Wednesday, September 23

Dr Sim calls for extra precaution in wake of SARS-family virus, Wuhan virus


KUCHING: Local Government and Housing Minister Dato Sri Dr Sim Kui Hian said today that he is very concerned about the Severe Acute Respiratory Syndrome (SARS)-family virus and Wuhan virus from China.

He appealed to Sarawakians who had recently travelled to China to take special precautions, if they experienced any fever or cold.

“What is more worried is the ‘SARS-family’ virus from China. So I have asked the state Health Department to take special precautions at all points of entry, and also to alert doctors.

“Those having fever, especially those returning from China must take special precautions,” he told reporters before attending a function at CityONE Megamall here.

Dr Sim stressed that everyone must be more cautious of the SARS endemic, which in the 1990s had “endangered the whole community”.

Recently, he said more than 4,000 people had been infected with the Wuhan virus, based on news reports from China.

Because of this, he said: “We need the Health Department and all the doctors to be vigilant. And we need the public who have been to Wuhan, if you have fever or cold, please don’t go around but cover yourself up.”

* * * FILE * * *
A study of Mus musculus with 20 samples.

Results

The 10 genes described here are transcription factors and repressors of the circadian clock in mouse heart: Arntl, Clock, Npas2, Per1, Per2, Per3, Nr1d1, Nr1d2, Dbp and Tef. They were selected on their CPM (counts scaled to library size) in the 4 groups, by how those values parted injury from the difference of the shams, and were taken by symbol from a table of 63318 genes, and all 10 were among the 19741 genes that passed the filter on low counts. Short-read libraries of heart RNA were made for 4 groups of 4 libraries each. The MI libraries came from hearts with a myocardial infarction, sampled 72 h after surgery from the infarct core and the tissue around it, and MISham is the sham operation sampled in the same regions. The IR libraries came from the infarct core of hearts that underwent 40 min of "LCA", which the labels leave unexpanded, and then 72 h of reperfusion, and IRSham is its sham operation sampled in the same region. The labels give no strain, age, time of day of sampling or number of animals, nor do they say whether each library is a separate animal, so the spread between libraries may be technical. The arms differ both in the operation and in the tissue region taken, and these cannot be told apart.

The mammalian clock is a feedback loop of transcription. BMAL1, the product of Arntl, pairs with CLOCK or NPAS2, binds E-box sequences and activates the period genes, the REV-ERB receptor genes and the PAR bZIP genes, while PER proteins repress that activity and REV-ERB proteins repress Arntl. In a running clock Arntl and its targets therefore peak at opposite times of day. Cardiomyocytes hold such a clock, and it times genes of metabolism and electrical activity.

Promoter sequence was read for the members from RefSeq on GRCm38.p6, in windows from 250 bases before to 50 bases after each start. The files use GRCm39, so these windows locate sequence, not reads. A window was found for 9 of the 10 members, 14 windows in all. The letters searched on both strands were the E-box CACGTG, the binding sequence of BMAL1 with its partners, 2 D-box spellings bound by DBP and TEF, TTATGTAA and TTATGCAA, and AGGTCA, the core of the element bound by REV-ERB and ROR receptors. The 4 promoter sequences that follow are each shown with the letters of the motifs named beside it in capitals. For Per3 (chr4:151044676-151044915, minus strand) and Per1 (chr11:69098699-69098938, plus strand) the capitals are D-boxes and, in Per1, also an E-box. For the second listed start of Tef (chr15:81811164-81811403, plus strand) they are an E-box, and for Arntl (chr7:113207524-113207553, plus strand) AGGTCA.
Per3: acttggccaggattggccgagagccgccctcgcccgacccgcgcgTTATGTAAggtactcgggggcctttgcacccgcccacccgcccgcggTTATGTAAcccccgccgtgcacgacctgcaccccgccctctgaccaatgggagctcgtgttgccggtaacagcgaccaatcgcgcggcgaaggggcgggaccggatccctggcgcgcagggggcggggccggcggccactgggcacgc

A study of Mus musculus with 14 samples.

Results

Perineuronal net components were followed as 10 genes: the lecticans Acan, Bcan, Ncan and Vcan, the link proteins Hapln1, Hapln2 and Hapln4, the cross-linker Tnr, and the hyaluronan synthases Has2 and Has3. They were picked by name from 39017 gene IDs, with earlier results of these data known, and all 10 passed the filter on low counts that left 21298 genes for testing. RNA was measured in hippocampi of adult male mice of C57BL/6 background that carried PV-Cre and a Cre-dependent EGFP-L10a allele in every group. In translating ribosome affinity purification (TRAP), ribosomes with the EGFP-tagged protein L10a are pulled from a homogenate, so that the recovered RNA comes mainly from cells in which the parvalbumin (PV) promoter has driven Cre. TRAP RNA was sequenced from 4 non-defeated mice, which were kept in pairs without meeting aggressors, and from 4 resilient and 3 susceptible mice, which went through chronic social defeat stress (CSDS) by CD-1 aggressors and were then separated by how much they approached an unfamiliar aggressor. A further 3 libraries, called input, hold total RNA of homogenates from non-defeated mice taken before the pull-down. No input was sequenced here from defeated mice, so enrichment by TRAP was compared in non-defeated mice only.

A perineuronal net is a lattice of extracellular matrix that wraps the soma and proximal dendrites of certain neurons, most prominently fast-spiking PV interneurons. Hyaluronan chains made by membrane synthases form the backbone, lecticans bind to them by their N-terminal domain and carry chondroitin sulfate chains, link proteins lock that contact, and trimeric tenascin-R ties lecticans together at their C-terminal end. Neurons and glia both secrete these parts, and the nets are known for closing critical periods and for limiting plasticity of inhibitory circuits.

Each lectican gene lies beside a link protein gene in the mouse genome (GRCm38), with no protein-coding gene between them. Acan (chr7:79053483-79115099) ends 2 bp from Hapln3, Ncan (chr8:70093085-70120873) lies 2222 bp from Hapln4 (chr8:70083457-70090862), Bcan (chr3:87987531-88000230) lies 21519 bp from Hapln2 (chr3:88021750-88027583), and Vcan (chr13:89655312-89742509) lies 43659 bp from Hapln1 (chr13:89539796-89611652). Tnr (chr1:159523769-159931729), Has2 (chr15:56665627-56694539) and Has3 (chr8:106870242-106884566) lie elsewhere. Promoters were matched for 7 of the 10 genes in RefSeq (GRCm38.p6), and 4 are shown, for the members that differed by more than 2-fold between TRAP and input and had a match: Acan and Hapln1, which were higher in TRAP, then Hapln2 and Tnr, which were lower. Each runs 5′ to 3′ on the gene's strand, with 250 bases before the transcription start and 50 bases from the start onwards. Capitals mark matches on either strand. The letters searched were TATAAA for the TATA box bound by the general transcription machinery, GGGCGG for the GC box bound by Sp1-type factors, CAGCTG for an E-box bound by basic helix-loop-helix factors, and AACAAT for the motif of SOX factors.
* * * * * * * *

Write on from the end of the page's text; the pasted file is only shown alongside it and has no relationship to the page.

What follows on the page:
He went on to advise: “Go to the nearest hospital. Don’t start coughing everywhere and everyone may be infected. Be responsible.”

Earlier, Dr Sim admitted that there was a shortage of flu vaccine supplies in the country but he said further comments should come from the Ministry of Health.

However, he said the state Health Department had informed him that the ‘influenza season’ in Sarawak “is coming to an end”.

“So hopefully once the influenza season comes to an end, Sarawakians are safe,” he added.

Last week, Malaysian Medical Association (MMA) in a statement said general practitioners (GPs) in the country had complained to them about an acute shortage of flu vaccine supplies.

“Talk on this is also currently trending on various social media platforms with GPs voicing their displeasure about the supply problem with allegations that importance is given to the private hospitals while the fragmented but well distributed GP clinics are being sidelined,” said MMA president Dr N Ganabaskaran.

According to Dr Ganabaskaran, the GPs are the last to receive supply each time when there is a vaccine shortage.